I'm curious what was the average height and build of men & women citizens of Greek states (Athens, Sparta, etc) in 7th-3rd centuries BC as well as civilizations they interacted with (Persians, Egyptians).

In particular, were there height and build differences between the above states/peoples statistically significant in comparison with height and build variations within individual state/people?

  • My guess is that since people generally had similar gene pool and also similar living standards - nutrition, stress levels, etc... - so the average height difference between the two eras will be minimal. – CsBalazsHungary Nov 19 '14 at 9:33
  • Are you sure you meant 7th to 3rd century B.C.? That is the Archaic and Classical periods. Late Antiquity is more like A.D. 3rd to 7th century. – Semaphore Nov 19 '14 at 13:30
  • @Semaphore: I meant BC; the mistake was in the words "late antiquity". – Michael Nov 21 '14 at 7:00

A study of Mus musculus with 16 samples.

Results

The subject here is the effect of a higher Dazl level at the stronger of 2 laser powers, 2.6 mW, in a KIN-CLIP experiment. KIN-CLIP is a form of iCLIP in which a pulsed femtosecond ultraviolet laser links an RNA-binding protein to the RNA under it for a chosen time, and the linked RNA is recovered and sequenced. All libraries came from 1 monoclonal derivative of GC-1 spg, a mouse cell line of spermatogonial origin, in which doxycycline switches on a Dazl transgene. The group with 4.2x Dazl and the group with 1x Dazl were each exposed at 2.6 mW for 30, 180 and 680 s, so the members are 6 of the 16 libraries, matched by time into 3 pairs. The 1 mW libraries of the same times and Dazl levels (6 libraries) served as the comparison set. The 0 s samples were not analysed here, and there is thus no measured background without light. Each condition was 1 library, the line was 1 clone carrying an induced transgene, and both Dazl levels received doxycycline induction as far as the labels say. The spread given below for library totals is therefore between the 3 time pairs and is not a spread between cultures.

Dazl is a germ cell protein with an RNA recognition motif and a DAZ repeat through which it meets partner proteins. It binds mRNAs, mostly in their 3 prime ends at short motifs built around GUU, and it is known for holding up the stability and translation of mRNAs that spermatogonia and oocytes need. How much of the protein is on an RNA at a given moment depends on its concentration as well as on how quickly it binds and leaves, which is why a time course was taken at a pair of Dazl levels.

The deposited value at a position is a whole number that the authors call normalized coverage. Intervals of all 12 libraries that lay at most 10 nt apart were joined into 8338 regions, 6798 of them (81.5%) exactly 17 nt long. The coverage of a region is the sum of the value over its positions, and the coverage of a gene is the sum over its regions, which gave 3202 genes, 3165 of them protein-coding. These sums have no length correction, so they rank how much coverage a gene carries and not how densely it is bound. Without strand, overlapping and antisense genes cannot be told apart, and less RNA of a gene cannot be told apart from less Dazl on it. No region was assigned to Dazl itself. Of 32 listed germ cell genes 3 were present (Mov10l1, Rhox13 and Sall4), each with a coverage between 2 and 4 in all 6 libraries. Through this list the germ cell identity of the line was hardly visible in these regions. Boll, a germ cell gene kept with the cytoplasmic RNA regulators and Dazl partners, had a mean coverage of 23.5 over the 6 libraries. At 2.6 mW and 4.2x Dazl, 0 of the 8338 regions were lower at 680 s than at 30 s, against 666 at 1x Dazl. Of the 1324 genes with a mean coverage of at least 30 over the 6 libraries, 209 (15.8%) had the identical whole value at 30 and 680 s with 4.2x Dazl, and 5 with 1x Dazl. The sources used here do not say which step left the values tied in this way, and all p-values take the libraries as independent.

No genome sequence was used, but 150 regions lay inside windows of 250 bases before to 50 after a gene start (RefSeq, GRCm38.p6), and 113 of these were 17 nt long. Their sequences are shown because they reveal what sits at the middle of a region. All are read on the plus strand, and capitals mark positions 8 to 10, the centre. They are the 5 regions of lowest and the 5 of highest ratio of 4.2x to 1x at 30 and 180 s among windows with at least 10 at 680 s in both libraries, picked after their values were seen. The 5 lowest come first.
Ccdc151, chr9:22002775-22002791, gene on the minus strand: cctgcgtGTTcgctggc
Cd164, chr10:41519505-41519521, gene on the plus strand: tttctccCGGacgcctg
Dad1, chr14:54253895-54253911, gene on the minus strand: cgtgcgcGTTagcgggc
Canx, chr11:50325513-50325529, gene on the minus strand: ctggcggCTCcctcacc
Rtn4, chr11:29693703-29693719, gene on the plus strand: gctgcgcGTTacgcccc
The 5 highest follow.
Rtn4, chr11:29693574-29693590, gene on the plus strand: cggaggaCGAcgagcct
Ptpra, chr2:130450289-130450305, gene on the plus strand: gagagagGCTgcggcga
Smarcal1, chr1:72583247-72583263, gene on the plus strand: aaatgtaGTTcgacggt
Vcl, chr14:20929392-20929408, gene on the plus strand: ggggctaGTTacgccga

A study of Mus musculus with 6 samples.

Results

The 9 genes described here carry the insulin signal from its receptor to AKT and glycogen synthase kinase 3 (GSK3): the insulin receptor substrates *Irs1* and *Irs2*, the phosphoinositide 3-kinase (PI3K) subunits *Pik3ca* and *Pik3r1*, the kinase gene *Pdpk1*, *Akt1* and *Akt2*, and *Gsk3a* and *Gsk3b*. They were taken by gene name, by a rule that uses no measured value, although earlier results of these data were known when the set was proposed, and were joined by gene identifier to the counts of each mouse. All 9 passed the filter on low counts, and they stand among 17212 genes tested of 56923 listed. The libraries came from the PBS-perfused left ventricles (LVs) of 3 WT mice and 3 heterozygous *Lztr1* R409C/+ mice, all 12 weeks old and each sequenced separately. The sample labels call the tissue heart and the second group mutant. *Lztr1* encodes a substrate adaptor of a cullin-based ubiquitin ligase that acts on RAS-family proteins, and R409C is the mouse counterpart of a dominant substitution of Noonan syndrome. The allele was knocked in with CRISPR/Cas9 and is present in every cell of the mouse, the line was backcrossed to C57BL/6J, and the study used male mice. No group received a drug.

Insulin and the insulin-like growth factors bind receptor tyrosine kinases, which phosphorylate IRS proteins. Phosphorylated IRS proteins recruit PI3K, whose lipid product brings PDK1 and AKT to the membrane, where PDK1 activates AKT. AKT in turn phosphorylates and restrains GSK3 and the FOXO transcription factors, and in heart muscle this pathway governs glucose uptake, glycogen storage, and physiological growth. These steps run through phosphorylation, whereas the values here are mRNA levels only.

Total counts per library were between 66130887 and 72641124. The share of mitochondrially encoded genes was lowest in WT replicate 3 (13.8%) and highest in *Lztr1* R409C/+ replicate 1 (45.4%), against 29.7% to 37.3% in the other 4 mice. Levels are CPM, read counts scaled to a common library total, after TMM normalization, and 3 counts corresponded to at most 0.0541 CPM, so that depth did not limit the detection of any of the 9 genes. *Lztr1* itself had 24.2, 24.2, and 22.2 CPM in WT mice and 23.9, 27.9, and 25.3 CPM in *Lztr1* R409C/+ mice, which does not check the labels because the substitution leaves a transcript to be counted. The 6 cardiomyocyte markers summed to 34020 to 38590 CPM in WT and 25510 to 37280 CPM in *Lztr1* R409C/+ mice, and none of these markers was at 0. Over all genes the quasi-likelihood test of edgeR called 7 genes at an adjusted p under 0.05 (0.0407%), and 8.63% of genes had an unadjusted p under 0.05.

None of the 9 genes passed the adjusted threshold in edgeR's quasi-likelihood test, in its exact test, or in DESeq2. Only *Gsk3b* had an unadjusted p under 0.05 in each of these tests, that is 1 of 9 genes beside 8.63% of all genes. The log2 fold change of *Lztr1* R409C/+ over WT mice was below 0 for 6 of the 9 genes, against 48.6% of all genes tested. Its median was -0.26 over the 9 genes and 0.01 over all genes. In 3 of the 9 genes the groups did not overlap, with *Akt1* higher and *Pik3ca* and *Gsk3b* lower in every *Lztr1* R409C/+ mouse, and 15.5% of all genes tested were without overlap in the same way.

• @Michael I edited the title to reflect your comment. – Semaphore Nov 21 '14 at 10:02

Right after his death, excavation began on the cemetery of the Magna Graecia colony-city of Metapontum. The Metaontum necropolis was remarkably well preserved, and an examine of the excavated remains vindicated Dr. Angel's earlier results.

The Metapontion necropolis ... revealed that the average height of adult males was between 162 and 165 cm, that of females between 153 and 156 cm, and with a body weight of approximately 60-65 kg for males and 50-55 kg for females; in other words, the findings of earlier examinations were soundly confirmed in this respect.

- Kagan, Donald, and Gregory F. Viggiano, eds. Men of Bronze: Hoplite Warfare in Ancient Greece. Princeton University Press, 2013.


For future reference, height of European skeletal remains since Classical Antiquity:

enter image description here

- Koepke, Nikola, and Joerg Baten. 2005. “The Biological Standard of Living in Europe during the Last Two Millennia.” European Review of Economic History 9(1): 61–95.